Nursing student named Plastino Scholar

Katie Katz

BY
SENIOR REPORTER

Katie Katz is a junior nursing major, a member of the Alpha Delta Pi sorority, the president of Gift of Life and the newly appointed co-executive director of UDance. To add to her list of accomplishments, she recently has been named a Plastino Scholar.

The Plastino Scholar program was started in 2007 by David A. Plastino to help university students achieve their goals by supporting them with a grant for a personalized, off-campus learning experience. The student gives a full proposal about what they would do with the grant, including the experience, the nature of the project, the location and the duration of the project.

This summer for over two weeks, Katz plans to educate mothers in the Banda Village and Kibogora Hospital of Rwanda. She decided to focus on Oral Rehydration Solutions (ORS) when she wrote a paper on diarrheal disease being the the second leading cause of death for children under five years old.

Diarrheal disease leads to severe dehydration, fluid loss and electrolyte imbalance, which is extremely dangerous especially to young children, Katz said. Katz will be partnering with Kageno, a organization in the Banda village which also strives to to improve life in impoverished communities.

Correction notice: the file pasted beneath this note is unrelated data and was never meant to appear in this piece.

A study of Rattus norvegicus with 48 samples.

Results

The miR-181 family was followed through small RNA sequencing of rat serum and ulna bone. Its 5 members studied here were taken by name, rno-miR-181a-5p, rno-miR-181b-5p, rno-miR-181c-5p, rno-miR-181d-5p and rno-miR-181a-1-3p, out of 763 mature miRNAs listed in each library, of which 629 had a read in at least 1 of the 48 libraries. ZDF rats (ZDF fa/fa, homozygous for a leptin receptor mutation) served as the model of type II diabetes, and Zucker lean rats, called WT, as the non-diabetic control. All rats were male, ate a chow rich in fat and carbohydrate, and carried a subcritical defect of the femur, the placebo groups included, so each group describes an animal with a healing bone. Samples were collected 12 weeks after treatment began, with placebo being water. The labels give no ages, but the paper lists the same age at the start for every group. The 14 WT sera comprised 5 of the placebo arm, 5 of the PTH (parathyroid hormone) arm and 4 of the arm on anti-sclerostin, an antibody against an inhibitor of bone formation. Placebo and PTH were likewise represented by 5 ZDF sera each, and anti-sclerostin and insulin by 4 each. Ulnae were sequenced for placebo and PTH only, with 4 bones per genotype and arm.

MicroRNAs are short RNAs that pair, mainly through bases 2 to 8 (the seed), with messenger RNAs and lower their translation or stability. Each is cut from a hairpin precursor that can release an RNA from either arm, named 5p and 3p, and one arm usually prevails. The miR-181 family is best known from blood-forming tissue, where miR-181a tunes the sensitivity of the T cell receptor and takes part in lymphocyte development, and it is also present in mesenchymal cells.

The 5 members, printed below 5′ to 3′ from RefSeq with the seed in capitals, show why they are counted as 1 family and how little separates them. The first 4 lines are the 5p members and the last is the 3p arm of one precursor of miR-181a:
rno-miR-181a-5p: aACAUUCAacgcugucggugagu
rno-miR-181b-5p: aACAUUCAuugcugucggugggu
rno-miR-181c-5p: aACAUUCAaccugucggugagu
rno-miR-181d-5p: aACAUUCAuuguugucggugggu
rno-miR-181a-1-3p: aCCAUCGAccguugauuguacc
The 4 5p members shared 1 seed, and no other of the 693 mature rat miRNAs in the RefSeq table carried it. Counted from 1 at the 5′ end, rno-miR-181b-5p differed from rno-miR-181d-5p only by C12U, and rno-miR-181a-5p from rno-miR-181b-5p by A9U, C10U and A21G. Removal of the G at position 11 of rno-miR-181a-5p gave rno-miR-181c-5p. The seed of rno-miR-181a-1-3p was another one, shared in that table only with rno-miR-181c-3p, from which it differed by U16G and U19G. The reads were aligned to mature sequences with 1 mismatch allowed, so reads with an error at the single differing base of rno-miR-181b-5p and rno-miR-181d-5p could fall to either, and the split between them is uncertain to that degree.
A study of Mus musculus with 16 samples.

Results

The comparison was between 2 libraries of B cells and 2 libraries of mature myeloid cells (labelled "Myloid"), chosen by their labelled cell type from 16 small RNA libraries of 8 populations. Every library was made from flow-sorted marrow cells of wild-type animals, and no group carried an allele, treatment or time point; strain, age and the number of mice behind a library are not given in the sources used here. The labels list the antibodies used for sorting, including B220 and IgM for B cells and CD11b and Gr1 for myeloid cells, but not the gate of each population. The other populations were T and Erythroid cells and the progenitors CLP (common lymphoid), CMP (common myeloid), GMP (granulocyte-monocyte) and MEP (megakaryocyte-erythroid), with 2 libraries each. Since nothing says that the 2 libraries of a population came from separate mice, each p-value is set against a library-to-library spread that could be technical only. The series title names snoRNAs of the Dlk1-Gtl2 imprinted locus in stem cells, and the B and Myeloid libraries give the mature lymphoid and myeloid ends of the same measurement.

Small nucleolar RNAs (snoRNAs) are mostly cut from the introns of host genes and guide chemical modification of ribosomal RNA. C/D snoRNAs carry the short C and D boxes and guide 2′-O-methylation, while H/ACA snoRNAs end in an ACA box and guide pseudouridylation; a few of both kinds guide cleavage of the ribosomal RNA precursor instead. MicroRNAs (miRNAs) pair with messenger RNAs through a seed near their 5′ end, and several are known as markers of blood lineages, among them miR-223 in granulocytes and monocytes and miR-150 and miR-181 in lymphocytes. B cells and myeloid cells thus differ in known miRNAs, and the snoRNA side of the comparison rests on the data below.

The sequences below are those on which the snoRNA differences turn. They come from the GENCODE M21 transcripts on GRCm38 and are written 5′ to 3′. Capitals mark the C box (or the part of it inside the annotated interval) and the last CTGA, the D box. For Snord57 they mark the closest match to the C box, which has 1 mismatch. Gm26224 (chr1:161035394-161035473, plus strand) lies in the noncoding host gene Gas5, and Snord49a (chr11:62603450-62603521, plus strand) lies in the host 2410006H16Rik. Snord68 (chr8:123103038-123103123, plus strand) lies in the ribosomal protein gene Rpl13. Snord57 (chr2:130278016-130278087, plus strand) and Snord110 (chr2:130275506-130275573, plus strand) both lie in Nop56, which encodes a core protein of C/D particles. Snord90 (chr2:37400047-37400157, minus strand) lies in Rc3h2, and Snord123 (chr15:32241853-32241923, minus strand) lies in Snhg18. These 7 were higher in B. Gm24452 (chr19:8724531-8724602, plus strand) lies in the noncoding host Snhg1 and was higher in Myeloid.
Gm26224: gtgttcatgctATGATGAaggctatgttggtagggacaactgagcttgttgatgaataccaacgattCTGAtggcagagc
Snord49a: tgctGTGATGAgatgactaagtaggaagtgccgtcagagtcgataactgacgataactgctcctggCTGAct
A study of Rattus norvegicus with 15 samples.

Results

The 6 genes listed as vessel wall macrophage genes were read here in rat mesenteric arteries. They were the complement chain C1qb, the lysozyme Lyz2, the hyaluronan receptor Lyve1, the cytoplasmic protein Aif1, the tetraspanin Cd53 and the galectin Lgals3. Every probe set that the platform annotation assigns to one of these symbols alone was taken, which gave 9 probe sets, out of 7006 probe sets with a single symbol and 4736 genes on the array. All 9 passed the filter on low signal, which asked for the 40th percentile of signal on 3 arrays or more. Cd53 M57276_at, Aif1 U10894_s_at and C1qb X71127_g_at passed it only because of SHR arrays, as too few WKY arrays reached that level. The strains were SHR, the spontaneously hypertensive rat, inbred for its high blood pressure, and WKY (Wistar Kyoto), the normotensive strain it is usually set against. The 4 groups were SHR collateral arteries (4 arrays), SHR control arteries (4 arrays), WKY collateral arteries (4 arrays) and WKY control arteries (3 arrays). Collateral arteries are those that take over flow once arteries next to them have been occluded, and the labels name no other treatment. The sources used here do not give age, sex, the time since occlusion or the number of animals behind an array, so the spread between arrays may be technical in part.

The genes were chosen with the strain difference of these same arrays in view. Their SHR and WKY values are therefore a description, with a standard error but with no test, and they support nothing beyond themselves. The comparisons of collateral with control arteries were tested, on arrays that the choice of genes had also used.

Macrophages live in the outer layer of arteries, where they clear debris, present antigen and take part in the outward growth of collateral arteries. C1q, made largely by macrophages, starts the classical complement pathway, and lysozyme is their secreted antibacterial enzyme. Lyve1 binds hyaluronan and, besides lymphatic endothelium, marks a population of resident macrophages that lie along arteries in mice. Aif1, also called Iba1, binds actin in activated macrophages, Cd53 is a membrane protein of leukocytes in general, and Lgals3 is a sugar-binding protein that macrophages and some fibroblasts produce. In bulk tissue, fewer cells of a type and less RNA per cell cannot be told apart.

“It was very disturbing to me because diarrheal disease is not much of an issue in the United States yet it is very common globally,” Katz said.

The solution is simple too — it’s a matter of hydration which can be cured with Oral Rehydration Solution, a drinking a combination of water, salt and sugar. However, the ingredients need to have the right proportions to be effective. Katz is giving the village and hospitals posters that clearly show the ratios and thus helping to end dehydration.

While she is in the Banda Village, Katz plans to assess people’s knowledge of this issue and also put a video together to raise awareness in the United States about diarrhea disease and child mortality in developing countries.

Katz said she hopes to continue working in developing countries after this experience. While she is unsure how to fund her trips, she hopes to be a traveling nurse or a volunteer so that she can continue to educate women and help them achieve the basic health care they deserve.

While in the Banda village, Katz will work alongside a nurse named Jeremiah. She says he told her a Rwandan saying that inspired her throughout the planning process: “If you teach a woman, you teach a whole country.”